Let’s just say, hypothetically, that you have installed a WordPress Blog. Maybe you did it yourself or had someone help you, like us. What is your responsibility, as a the owner of a blog, to make your website work?
Hopefully, when you had your blog installed, the settings were configured correctly, a theme, other than the default installed, and plugins added to increase functionality and optimization. (if not, talk to us, we can help you out)
- Do you have a clear picture about why you chose to have a blog as a marketing tool for your business, and what type of content you want to offer your visitors?
- Have you researched and chosen strong keywords? Are they broad keywords or niche, with a viable market? Have they been placed in your blog in such a way that Google can easily find them?
- Do you have a marketing plan in place? How are you going to attract customers to your blog, have them connect with you, and eventually purchase your product or services? Are you selling an EBook, a course, attracting them to your physical location for business, booking appointments, etc.?
- Have you created valuable content to be added to the pages and posts of your blog in an organized manner, or are you just winging it? Make sure to have at least 10 post/pages before launching your blog. There seems to be a trend recently to write longer and deeper posts, rather than a short tidbit once a day. Make a goal to post an in depth post at least once per week. Do not just slap a post onto your blog from another website. It is important to write posts in your own voice.
- Have you chosen images to compliment your posts/pages (if desired) that have not been stolen off the Internet? Many photos are copyrighted. Make sure you have a license to use photos, videos, audios, etc.
- Are you connected to the main social networks so that your posts/ pages can be shared and syndicated to increase your visibility? At the very least, have a Facebook, and Linked In profile. Can your posts be easily tweeted and shared? There are many WordPress plugins available to add Facebook Share, Tweet Button, and Social Bookmarking sites. Choose them depending on their style or functionality.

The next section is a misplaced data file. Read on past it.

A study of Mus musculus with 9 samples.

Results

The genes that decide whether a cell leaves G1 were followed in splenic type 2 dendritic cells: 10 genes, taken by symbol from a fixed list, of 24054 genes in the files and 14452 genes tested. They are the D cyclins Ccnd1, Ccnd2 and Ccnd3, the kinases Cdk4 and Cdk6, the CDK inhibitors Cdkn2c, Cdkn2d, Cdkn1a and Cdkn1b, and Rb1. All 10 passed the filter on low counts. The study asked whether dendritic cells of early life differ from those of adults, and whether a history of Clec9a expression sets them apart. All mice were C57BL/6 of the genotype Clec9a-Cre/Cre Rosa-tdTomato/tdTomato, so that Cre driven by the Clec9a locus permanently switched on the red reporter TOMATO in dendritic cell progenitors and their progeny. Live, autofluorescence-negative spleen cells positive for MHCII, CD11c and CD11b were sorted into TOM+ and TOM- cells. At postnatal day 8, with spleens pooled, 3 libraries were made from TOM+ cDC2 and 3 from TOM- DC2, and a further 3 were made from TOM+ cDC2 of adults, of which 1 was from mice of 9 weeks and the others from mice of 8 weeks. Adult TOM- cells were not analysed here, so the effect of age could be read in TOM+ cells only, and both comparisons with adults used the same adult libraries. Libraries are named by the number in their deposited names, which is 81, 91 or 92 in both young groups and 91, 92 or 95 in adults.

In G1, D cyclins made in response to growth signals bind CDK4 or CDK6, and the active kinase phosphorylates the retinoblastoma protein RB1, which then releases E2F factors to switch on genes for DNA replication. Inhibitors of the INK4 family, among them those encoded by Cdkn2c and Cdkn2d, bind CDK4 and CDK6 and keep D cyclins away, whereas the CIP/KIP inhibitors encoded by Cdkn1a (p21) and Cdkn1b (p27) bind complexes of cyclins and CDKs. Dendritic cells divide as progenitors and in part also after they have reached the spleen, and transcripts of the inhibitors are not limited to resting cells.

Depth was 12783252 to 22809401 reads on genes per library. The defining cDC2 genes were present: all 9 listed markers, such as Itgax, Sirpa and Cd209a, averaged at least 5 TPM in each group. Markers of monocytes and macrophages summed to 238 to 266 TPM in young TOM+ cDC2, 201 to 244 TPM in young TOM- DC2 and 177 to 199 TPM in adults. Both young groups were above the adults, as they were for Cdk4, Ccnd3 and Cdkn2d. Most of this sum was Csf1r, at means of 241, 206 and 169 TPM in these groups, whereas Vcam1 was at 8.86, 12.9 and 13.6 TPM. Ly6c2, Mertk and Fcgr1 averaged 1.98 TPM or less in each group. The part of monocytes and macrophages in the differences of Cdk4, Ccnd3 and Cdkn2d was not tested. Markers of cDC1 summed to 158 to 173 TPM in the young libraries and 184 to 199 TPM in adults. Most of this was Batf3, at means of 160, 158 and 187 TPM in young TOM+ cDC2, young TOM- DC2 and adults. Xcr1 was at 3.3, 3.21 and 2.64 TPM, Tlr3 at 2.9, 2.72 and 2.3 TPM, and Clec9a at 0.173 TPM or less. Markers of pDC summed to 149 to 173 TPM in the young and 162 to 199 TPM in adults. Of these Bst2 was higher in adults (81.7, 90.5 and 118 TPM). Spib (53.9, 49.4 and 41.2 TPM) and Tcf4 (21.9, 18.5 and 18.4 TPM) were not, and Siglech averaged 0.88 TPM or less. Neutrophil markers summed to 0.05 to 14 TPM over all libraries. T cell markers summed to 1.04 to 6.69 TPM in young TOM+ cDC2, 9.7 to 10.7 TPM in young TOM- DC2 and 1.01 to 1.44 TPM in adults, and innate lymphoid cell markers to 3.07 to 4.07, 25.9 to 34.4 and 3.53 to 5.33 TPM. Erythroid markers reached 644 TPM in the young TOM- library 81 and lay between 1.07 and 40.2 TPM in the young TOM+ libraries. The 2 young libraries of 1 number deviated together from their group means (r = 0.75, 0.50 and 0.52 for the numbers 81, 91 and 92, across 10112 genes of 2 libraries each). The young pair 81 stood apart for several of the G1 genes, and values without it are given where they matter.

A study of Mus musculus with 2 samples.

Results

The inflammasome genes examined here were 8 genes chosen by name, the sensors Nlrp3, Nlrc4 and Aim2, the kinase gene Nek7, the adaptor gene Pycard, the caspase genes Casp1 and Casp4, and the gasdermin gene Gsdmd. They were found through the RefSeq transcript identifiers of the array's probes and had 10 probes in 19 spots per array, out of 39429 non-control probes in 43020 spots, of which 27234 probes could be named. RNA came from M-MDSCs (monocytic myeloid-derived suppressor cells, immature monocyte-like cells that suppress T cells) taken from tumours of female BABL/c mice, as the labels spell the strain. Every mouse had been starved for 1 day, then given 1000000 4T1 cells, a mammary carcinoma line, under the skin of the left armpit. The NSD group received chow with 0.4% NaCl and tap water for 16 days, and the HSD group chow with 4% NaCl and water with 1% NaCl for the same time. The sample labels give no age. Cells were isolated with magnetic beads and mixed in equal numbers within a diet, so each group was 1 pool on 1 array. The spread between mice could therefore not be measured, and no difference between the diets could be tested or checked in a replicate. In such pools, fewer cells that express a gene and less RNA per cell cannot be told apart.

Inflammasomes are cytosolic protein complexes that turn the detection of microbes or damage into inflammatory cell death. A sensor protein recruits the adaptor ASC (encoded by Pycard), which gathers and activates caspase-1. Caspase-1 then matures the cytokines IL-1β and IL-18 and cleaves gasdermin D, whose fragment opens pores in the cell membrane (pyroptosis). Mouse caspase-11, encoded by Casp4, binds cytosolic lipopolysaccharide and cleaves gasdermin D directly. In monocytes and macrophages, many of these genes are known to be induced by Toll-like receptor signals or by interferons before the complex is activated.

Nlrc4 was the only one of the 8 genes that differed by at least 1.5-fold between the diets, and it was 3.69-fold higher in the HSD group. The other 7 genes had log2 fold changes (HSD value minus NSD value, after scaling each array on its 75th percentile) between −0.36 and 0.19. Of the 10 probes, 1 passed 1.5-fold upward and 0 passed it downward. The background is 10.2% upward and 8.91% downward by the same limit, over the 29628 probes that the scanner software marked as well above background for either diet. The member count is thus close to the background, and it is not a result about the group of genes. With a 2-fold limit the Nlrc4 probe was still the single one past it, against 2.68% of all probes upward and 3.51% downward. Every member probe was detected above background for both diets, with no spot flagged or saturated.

- Do you have a way for prospects to contact you directly and is it easy to find? This might be a contact form they can fill out to ask questions or get information.
- Is there a way for readers to receive your post updates on a regular basis? Can they find your RSS feed icon? Do you have an email opt in box or subscribe form clearly visible?
- Are all the details of your blog in place and completed? This may include an image for your sidebar list bullet points, Disclaimer, Disclosure, Privacy pages, Author Box, Author name, Favicon (small image) and blog name that appear in browser tabs.
Working with an Outsourcer
Details. Details. Details. Do it yourself, if you have nothing better to do. Or get someone to spend a little bit of time taking care of things that are tedious.
How can you maximize your outsourcer and save money?
Make sure they have what they need. If you want them to insert content, for example, get it to them in a reasonable amount of time, especially if you have negotiated a flat rate for work to be performed. Otherwise, you may be charged extra.
Consider hiring them to do maintenance and additions for your blog on a monthly basis. This includes WordPress and plugin upgrades to keep your blog secure, general tweaks, changes, cleanup, etc.
Listen to their tutoring such as: Do not post directly using Microsoft Word. Use the little W button on the post editor to strip the excess HTML code that will muck up your blog.
Below is a link for a report that I believe is critical for every small business owner. It is called the 2011 Social Media Marketing Industry Report and was written by the Social Media Examiner, which is a blog that should be on every small business owner’s feed list, especially if you have any type of online presence.
CLICK HERE to access the Social Media Marketing Industry Report (Don’t worry, you do not have to sign up for anything) You will be surprised to see what the percentage is of small business owners who are using WordPress blogs as part of their strategy.